Looking for a way to ace the March Madness pool at work? Sports analytics expert Ed Feng suggests a “contrarian” approach.
The Stanford-educated engineer, who founded “The Power Rank” website, bases his NCAA tournament strategy more on probabilities than on won-loss records or shooting percentages.
It starts with entering a pool of 30 to 100 people, which gives you a better chance of separating yourself from the pack. Steer clear of the big, national contests.
“It’s really hard to avoid the luck of others,” Feng said. “When there’s that many people, somebody’s going to get lucky and beat you.”
In his book, “How to Win Your NCAA Tournament Pool,” Feng suggests bypassing the two or three teams that everyone else is picking to win.
This year, for example, several Las Vegas sportsbooks favor Duke. Or, if you live in Kentucky, your pool competitors might lean toward the local school.
“If the Wildcats win, you and many others will get the 32 points” for choosing the champion, Feng writes. “However, with so many others getting these points, there’s a strong chance that one of them gets lucky with low-probability upsets in the earlier rounds and beats you.”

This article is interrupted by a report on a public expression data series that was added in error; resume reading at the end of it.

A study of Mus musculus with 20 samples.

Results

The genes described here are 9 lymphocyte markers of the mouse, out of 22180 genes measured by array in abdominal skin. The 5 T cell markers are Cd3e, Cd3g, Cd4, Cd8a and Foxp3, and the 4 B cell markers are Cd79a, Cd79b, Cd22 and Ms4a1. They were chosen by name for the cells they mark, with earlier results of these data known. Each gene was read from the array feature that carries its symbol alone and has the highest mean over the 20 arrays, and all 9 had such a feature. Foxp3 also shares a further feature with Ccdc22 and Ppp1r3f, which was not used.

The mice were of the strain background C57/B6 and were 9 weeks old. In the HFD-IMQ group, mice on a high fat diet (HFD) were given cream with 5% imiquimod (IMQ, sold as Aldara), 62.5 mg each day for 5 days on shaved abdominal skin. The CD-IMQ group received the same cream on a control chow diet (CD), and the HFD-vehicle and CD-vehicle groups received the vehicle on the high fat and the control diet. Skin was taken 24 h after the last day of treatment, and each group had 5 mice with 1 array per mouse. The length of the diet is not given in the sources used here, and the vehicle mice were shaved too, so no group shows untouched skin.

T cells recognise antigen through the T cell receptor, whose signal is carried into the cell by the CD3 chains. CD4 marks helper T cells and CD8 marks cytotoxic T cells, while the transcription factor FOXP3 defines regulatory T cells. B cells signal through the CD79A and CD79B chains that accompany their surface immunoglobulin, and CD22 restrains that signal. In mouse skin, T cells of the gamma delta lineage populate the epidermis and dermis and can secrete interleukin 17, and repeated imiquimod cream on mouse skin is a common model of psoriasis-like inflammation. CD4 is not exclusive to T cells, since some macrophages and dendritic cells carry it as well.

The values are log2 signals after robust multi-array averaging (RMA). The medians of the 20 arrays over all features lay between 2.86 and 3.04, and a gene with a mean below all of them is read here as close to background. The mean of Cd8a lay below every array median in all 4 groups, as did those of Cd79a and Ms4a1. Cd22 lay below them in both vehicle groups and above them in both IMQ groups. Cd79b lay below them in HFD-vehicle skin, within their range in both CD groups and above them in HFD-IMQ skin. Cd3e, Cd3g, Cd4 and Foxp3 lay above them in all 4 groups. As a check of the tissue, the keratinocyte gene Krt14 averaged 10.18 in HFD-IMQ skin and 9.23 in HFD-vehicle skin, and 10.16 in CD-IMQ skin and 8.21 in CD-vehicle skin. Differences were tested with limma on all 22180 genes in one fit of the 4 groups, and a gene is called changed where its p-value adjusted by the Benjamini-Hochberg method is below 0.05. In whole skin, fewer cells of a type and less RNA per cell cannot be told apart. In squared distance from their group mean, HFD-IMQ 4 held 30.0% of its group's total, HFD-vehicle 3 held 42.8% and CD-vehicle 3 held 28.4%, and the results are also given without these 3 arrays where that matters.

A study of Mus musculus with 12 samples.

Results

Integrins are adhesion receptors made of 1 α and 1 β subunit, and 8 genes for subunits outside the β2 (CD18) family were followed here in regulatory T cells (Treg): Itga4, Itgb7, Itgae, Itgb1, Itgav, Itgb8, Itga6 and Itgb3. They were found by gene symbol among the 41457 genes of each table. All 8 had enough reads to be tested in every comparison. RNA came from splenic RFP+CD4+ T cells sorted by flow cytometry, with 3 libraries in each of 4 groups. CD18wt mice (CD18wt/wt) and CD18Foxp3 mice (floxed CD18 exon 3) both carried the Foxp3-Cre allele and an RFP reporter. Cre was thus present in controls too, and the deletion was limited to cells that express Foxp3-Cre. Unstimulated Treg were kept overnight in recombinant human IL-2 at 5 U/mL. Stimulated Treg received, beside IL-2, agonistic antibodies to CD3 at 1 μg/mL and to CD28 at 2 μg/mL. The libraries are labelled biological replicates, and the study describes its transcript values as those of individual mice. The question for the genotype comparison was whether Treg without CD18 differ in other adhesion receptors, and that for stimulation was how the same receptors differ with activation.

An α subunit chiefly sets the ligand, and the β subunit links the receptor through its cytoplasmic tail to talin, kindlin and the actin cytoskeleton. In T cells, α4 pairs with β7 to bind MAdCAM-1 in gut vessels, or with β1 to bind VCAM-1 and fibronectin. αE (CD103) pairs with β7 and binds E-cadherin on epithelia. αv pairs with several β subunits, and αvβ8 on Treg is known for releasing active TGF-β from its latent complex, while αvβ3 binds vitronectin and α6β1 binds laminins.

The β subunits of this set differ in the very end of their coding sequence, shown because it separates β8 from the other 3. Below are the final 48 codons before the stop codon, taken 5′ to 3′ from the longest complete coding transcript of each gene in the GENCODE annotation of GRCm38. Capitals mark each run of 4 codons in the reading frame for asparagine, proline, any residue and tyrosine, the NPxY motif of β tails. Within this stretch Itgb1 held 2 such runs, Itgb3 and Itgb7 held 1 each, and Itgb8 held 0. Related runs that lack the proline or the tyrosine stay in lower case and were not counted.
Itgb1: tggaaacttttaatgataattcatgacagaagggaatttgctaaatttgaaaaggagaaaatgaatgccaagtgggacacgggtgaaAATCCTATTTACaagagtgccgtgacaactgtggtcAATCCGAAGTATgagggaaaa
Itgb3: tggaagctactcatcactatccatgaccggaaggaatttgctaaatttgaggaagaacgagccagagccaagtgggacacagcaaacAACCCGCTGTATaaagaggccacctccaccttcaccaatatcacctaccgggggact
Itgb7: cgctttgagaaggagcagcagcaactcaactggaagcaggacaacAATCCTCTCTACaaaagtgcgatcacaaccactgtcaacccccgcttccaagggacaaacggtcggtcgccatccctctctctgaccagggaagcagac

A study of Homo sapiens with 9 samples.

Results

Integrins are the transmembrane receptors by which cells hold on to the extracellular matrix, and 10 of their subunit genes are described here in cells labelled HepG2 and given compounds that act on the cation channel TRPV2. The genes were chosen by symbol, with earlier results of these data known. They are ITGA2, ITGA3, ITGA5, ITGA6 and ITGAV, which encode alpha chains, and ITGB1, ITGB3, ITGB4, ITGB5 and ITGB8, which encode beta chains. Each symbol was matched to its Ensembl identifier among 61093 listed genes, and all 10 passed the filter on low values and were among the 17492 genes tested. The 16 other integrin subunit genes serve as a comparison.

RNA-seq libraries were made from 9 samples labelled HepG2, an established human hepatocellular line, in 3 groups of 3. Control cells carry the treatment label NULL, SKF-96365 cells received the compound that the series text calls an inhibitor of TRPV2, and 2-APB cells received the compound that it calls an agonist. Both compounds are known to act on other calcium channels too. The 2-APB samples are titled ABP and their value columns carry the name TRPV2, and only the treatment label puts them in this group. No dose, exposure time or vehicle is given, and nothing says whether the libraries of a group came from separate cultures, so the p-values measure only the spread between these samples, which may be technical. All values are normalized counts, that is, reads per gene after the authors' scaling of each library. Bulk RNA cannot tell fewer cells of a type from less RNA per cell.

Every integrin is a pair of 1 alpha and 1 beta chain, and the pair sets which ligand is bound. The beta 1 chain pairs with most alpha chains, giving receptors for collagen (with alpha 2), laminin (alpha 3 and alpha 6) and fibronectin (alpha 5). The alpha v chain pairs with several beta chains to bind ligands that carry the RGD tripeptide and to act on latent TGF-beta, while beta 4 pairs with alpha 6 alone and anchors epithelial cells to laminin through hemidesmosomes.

Better to focus on a team that ranks just below the top two or three. In other words, a team that has a decent chance but gets picked by hardly anyone else.
Find your contrarian champ by consulting the odds or looking at websites such as espn.com, which show pool-selection trends nationwide.
Feng insists this strategy will significantly increase the probability of winning.
There are other nuances for maximizing your chances and making contrarian picks in the earlier rounds. There are also exceptions to the rule.
“If you’re in a 10-person pool with people who don’t know about basketball,” Feng said, “go with the favorite.”